You may already know what has to be done or you may already be linked to an organisation which will handle things for you. If not, perhaps the following points may help.
Unless there are special religious or cultural reasons for holding a funeral quickly, there is no need to hurry and you can take all the time you need to make sure the funeral is arranged in a way that will be meaningful to you.
Choosing a Funeral Director
You will obviously want to ensure that the funeral arrangements are organised efficiently and with dignity and respect for your loved one. You may wish to make these arrangements yourself but, if not, why not consider the help of relatives or of a close and trusted friend? Very often, relatives or close friends wish to help and they can share the burden with you.
The Bereavement Officer is not able to recommend individual Funeral Directors, but they can help by giving you information about Funeral Directors in the local area. You can contact your chosen Funeral Director as soon as you wish, even before you have registered the death. The Funeral Director will need the green form, which the Registrar gave you, before final arrangements can be made. The Funeral Director will then contact the hospital and will arrange to bring your child to his Chapel of Rest. The Funeral Director will be able to support and guide you in making necessary arrangements.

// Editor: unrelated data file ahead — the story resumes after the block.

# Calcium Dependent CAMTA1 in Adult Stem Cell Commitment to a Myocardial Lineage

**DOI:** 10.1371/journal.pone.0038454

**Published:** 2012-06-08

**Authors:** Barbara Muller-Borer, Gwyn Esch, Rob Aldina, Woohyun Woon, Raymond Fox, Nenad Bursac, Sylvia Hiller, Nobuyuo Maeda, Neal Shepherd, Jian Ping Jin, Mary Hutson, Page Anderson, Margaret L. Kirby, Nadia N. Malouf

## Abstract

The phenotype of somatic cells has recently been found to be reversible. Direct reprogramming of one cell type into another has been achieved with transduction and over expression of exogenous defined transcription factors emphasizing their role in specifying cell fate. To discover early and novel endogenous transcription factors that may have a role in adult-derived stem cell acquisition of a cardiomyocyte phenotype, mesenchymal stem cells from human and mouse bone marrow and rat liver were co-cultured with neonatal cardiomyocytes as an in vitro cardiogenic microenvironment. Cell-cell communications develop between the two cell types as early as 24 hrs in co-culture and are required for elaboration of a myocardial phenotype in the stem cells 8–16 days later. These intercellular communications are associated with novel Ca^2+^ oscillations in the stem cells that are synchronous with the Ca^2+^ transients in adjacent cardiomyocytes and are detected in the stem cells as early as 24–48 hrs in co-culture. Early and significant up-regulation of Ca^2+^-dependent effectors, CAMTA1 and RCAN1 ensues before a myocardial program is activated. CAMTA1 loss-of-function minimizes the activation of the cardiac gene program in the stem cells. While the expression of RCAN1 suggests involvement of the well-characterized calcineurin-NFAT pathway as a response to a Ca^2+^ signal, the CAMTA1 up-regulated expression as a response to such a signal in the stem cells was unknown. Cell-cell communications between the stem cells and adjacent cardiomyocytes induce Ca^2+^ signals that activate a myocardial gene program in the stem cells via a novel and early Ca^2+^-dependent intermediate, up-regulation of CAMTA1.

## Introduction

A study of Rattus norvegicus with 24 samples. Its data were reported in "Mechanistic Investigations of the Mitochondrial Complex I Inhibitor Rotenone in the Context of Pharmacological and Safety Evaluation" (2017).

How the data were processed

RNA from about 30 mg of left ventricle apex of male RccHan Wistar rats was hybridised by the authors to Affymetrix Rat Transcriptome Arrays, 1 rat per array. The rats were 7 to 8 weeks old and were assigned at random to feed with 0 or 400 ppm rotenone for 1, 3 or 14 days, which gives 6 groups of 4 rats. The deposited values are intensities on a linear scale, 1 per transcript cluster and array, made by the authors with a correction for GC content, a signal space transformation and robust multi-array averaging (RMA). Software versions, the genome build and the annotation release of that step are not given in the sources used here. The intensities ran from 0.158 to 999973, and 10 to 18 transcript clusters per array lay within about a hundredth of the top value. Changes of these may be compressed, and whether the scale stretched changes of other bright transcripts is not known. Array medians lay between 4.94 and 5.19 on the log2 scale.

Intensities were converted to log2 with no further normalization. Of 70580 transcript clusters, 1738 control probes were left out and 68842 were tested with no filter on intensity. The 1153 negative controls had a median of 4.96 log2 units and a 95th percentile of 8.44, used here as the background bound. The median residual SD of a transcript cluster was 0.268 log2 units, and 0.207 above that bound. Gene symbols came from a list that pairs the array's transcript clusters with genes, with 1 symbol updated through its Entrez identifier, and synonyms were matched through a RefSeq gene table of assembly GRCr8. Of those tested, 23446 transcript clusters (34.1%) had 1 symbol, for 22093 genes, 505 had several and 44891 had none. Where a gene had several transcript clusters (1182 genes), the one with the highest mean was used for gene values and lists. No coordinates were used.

If you would like your child to be at your house, the Funeral Director can carry out a simple embalming procedure to make this possible. This is often a helpful thing to do, especially if there are other children in the family and if your child is young.
The Funeral itself
Initial arrangements can begin as soon as you are ready. If you wish to have a religious ceremony, the hospital chaplain or a member of the local clergy can advise and help. It is not necessary to have a religious service and you may like instead, to plan a service with your family and friends.
Your own choice of hymns, songs, pieces of music or readings can be part of the funeral service and these can be discussed amongst the family and friends and with whoever is to take the service. The Funeral Director is there to help and will advise how to arrange the funeral.
The Hospital Chaplain is also ready to help with ideas about your child's funeral even if the service is not a religious ceremony. The service can always be held initially in your house or garden, before going on to the cemetery or crematorium.
What is important, is that the funeral should be personal to your child and family and that it is a proper way of recognising what has happened to your child and of saying goodbye (for the moment).